A new study by the Iowa Pork Producers Association shows the importance of the hog industry to the state’s economy. Iowa’s 5,418 pig farms generate work not only in pig production, but also in hog harvesting and pork processing. In all, there are 147,105 Iowa jobs created by the pork industry through direct, indirect and induced jobs.
Pig production on farms generates 46% of the jobs. The state’s 14 commercial hog harvesting facilities create 45% of the jobs. Commercial pork processing contributes an additional 9% of the jobs.
A study released a year ago by the Coalition to Support Iowa Farmers showed that livestock production was the only ag sector that was increasing the number of jobs in Iowa. One in 12 working Iowans has a job tied directly or indirectly to the pork industry.
In the three areas of the pork industry, labor income from those Iowa jobs is $6.84 billion, according to Decision Innovations Solutions, an economic research firm that conducted the study for IPPA. This study used a 2018 Iowa data set, data from the USDA 2017 Census of Agriculture and other USDA National Ag Statistics Service sources and used modeling to project data to reflect 2019 numbers and dollars.
The three pork industry sectors generated $40.8 billion in sales. Pig production accounted for 34% of the total, or $13.9 billion in sales from Iowa's pig farms. Hog harvesting facilities had 55% of the sales, and pork processing accounted for 11% of sales.
Using locally grown feedstuffs
There are several reasons Iowa is the nation's No. 1 producer of pork. The state's pig farmers not only have a proud heritage, they have built upon the experiences of that heritage and combine it with using new research and technology to become more efficient in producing nutritious, safe and delicious pork. Another reason is the availability of key feedstuffs for raising pigs.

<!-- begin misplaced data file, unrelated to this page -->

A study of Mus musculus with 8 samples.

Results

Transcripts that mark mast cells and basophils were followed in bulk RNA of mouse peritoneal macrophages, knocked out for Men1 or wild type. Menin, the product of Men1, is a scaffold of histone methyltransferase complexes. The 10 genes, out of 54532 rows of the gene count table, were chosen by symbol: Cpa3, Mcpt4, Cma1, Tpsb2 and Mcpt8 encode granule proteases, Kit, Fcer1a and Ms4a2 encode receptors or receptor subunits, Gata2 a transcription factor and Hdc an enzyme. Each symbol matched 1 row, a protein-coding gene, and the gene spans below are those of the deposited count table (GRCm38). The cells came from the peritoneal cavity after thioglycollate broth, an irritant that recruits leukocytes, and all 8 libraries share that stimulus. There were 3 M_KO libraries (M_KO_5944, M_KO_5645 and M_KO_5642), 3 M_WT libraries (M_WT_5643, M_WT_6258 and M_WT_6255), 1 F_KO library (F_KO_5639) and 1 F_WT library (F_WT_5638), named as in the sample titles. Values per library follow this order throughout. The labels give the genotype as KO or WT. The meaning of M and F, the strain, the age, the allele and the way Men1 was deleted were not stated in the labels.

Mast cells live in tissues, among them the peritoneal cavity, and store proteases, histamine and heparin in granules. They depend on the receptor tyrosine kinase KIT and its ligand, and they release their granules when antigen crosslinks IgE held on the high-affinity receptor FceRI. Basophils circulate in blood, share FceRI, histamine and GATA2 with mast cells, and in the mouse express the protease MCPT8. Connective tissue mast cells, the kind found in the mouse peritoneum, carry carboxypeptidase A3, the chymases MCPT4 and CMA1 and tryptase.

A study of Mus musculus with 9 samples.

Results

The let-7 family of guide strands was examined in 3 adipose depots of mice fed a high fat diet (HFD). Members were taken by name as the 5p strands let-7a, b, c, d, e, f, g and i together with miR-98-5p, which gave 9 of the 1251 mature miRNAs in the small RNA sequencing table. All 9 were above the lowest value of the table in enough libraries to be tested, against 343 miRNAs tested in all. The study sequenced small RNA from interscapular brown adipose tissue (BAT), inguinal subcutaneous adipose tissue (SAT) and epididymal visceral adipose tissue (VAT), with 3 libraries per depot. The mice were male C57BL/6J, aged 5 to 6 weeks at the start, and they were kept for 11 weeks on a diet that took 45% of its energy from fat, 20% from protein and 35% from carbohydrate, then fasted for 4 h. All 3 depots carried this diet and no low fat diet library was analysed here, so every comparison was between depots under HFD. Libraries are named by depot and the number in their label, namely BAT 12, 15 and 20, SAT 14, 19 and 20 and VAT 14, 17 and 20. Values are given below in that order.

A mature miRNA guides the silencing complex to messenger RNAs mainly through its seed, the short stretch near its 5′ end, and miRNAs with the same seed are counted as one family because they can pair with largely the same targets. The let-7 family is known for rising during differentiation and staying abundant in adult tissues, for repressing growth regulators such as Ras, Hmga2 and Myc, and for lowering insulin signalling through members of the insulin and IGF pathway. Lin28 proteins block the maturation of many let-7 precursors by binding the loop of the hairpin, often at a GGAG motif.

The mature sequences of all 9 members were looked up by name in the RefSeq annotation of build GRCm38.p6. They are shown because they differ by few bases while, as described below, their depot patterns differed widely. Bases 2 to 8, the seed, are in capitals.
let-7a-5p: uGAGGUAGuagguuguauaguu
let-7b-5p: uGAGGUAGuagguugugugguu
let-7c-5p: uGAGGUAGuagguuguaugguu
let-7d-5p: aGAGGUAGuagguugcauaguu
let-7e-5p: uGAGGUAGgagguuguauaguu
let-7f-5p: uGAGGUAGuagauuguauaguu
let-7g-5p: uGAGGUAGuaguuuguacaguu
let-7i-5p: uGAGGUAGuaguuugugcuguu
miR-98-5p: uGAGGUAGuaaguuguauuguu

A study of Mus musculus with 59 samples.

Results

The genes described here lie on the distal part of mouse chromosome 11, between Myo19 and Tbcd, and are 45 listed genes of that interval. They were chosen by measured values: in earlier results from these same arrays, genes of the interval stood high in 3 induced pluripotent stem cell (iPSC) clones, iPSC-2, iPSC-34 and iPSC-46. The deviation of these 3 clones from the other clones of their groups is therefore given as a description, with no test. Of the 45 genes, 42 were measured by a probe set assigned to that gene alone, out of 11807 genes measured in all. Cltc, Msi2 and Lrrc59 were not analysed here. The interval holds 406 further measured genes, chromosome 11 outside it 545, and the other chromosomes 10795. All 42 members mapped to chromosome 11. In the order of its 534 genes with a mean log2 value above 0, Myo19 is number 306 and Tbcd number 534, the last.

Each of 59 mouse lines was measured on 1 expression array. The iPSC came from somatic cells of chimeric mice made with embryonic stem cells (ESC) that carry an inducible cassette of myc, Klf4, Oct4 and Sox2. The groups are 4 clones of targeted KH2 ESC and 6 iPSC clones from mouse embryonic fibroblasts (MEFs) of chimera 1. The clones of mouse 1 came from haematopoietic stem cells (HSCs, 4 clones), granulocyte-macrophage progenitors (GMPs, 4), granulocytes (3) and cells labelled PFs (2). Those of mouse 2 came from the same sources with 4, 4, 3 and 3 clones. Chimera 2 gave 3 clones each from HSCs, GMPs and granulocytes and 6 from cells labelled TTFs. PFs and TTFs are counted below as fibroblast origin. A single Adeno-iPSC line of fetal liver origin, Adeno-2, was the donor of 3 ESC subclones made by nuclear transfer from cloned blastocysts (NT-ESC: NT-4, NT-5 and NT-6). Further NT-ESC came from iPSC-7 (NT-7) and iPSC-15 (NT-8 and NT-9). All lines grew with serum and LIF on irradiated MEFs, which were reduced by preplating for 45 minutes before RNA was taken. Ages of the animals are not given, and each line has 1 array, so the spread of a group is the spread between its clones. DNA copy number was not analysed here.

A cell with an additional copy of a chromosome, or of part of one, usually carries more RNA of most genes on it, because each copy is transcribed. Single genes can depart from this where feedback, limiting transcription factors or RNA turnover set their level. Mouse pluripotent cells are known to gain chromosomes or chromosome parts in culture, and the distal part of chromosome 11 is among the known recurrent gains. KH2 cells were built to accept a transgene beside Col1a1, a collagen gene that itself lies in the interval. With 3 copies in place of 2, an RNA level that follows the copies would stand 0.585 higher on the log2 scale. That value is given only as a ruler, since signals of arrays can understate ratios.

A balanced pig diet contains energy and amino acids, which come from corn and soybean meal diets. From weaning to reaching market weight, an average pig eats 12 bushels of corn and 2.5 bushels of soybeans. Over the course of a year, Iowa pigs consume corn that is the equivalent of 22% of the state's corn production and 23% of the state's soybeans. That means nearly one-fourth of Iowa's row crops are marketed for nearby use, thus reducing the cost of grain transportation.
Pigs, number of farms
The number of pigs in Iowa in December was 24.8 million hogs. And 95% (23.79 million) of those hogs were market animals, which have increased by 3% annually for the past decade. Iowa holds 32% of the U.S. hog inventory. Conversely, Iowa's breeding herd (1.01 million head) has been declining slowly despite growth (1.2%) in the national breeding herd (6.46 million).
The size of pig farms is increasing, 69% of Iowa's hog inventory is now on farms with 5,000 or more pigs (20% of all pig farms). However, the most common commercial-size hog farm (32%) in Iowa is in the category of 2,000 to 4,999 head. Farms with 1,000 to 1,999 pigs are 13% of Iowa's pig farms.
The top five counties in pig inventory are Washington, Sioux, Lyon, Hamilton and Plymouth counties. Each of these counties has more than 1 million pigs. In addition to analyzing state data on the impact of Iowa's pork industry, additional analysis was conducted on 35 counties in Iowa to review local economic contributions.
Jobs benefit from more barns
The DIS study also included information about the economic activity in a community when a new 2,400-head hog finishing barn is built. This part of the study considered the construction and first-year operations of a barn this size, which is typical for Iowa. Building the barn would create 12 jobs (half in construction and half in operations) and sales activities of $2.5 million.
A new pig barn sources about 35% of inputs locally. The construction of a new pig barn requires several purchases such as steel, concrete and equipment. Once construction is completed, pig farms purchase feed, veterinary and other professional services, and many other inputs to produce market hogs for sale.